Associated Press Associated Press 27/04/2016

A Tibetan male character from the "Doctor Strange" comic books presented such a political minefield to Marvel, that in the film version they cast a Caucasian woman in the role.

The move reflects the pressures Hollywood movie makers perceive when trying to appeal to the Chinese market.

One of the film's screenwriters has suggested that the casting of British actress Tilda Swinton as sorcerer the Ancient One was partly done to avoid potentially offending China's government and moviegoers, who now represent the world's second-largest annual box office after North America.

Although some online commentators criticized the casting of a white woman rather than a Tibetan actor, the film's backers apparently didn't want to risk losing out on Chinese distribution by introducing the highly politically charged subject of Tibet.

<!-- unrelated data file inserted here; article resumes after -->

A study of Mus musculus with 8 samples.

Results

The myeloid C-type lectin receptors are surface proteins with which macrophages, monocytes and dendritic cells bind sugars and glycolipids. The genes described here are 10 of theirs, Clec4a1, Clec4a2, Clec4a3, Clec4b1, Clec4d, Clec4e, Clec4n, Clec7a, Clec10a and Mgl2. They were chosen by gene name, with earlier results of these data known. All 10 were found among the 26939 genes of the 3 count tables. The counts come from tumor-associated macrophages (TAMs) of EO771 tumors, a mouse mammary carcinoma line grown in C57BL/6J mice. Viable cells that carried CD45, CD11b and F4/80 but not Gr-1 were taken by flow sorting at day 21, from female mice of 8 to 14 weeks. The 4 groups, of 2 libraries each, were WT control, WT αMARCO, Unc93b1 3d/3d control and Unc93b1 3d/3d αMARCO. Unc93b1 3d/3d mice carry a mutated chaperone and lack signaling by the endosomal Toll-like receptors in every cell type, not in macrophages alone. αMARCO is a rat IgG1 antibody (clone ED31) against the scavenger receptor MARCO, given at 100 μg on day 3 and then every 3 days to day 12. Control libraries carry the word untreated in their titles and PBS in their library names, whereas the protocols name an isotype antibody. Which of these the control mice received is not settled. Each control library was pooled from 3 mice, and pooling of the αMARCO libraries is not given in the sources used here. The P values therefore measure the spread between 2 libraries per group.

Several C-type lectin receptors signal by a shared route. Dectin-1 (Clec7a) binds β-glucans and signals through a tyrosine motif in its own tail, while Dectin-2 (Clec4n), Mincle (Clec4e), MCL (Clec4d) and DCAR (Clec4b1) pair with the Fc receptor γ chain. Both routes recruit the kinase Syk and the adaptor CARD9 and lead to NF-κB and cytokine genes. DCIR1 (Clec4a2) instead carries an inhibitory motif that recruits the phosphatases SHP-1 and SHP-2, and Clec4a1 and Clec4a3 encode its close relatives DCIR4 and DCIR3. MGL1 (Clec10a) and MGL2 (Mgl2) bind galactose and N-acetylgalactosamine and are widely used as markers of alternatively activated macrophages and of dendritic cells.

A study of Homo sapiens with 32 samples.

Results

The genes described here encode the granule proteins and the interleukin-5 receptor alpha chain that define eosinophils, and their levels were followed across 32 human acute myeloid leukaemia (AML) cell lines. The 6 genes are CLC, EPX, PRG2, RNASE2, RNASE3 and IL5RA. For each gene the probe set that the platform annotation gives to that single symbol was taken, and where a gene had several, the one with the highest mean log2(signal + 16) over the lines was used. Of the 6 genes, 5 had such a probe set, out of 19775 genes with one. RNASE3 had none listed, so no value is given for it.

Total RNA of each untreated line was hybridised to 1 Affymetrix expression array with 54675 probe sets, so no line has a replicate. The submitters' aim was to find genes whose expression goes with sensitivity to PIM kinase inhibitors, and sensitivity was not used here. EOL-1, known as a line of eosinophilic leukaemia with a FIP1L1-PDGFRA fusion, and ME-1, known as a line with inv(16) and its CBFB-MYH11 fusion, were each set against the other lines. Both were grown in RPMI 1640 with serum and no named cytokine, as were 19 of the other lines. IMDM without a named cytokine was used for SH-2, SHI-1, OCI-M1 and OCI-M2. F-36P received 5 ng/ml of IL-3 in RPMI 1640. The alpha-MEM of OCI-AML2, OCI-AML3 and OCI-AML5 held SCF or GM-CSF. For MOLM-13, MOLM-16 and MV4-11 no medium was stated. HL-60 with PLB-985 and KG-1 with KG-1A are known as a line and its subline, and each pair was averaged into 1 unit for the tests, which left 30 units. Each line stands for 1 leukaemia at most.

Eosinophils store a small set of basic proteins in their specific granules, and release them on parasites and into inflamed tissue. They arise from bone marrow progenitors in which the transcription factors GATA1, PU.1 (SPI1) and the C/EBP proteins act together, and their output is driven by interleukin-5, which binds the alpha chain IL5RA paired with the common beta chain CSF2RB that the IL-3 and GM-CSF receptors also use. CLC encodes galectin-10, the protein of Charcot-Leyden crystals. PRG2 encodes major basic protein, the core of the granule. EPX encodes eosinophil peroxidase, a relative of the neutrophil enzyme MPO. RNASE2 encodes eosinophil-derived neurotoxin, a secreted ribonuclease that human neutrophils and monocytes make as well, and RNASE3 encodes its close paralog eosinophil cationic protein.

While the Ancient One was written in the comic book as Tibetan, "if you acknowledge that Tibet is a place and that he's Tibetan, you risk alienating 1 billion people," screenwriter C. Robert Cargill said in a podcast interview with the Texas-based DoubleToasted.com.

There was, Cargill said, a risk of "the Chinese government going, 'Hey, you know one of the biggest film-watching countries in the world? We're not going to show your movie because you decided to get political."'

Hollywood producers are increasingly attempting to woo the Chinese audience and government with China-friendly story lines and Chinese actors. Only a limited number of Hollywood films are allowed into China each year and those dealing with political or social topics frowned upon by the ruling Communist Party are doomed to miss the cut.